April 30, 2014
Image Mission Elapsed Time (MET):
Narrow Angle Camera (NAC) of the Mercury Dual Imaging System (MDIS)
This scene is approximately 46 km (29 miles) across
The troughs of Raditladi
are the focus of this high-resolution view inside the peak-ring basin
. The troughs, which are largely concentric to the basin, formed through extensional stresses that caused portions of the floor to pull apart. Such extensional features are similar to those observed within Caloris
. Some of the small, bright craters that dot Raditladi's floor may be secondaries from Fonteyn
crater approximately 900 km away, whose rays
appear to cross the basin.
This image was acquired as a high-resolution targeted observation. Targeted observations are images of a small area on Mercury's surface at resolutions much higher than the 200-meter/pixel morphology base map. It is not possible to cover all of Mercury's surface at this high resolution, but typically several areas of high scientific interest are imaged in this mode each week.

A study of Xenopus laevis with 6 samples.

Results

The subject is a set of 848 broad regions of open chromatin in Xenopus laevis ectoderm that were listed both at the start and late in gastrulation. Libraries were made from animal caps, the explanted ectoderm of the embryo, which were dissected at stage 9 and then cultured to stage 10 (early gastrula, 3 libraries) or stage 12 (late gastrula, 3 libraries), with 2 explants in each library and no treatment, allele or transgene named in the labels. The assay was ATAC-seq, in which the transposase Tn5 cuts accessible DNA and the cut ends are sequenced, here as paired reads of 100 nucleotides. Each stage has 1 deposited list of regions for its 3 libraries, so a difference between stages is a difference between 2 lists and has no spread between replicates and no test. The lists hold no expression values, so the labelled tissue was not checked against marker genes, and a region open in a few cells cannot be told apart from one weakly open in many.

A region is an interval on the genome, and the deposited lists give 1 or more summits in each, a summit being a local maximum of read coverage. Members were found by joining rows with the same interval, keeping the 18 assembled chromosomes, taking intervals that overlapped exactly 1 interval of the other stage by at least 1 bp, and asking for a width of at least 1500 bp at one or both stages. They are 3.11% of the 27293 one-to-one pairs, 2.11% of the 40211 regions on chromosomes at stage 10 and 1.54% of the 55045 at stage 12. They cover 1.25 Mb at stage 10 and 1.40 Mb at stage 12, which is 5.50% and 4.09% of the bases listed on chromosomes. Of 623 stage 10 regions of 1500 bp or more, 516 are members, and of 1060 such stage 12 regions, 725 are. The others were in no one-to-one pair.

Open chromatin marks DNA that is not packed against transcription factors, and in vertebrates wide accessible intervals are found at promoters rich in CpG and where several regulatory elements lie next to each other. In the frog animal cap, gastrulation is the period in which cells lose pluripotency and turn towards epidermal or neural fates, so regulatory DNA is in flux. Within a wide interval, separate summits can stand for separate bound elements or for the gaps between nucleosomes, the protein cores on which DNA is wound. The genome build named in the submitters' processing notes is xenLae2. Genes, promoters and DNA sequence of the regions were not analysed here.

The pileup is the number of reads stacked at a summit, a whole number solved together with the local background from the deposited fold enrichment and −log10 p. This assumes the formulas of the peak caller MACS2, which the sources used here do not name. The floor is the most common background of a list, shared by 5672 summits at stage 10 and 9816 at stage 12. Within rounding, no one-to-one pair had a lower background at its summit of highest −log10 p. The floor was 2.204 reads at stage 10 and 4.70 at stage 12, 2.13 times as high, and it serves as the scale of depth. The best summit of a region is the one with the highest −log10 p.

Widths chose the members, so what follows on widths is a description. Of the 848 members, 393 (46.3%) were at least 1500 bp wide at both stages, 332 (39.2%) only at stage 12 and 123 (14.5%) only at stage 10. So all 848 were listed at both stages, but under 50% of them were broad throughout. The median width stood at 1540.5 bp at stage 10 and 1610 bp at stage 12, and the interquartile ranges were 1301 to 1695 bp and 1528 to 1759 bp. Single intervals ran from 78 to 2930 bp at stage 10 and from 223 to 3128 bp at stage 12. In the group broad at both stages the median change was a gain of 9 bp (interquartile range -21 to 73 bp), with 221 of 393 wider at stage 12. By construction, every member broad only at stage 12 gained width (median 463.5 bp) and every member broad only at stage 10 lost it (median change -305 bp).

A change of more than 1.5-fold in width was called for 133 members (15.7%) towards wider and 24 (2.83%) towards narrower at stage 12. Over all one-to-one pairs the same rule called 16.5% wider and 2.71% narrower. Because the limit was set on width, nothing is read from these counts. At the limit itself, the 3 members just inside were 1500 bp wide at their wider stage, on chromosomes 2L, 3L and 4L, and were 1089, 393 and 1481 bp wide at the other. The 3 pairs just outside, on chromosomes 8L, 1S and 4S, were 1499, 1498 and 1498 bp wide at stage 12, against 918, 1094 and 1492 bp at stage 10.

The MESSENGER spacecraft is the first ever to orbit the planet Mercury, and the spacecraft's seven scientific instruments and radio science investigation
are unraveling the history and evolution of the Solar System's innermost planet. During the first two years of orbital operations, MESSENGER acquired over 150,000 images and extensive other data sets. MESSENGER is capable of continuing orbital operations until early 2015.
Credit: NASA/Johns Hopkins University Applied Physics Laboratory/Carnegie Institution of Washington
For information regarding the use of MESSENGER images, see the image use policy.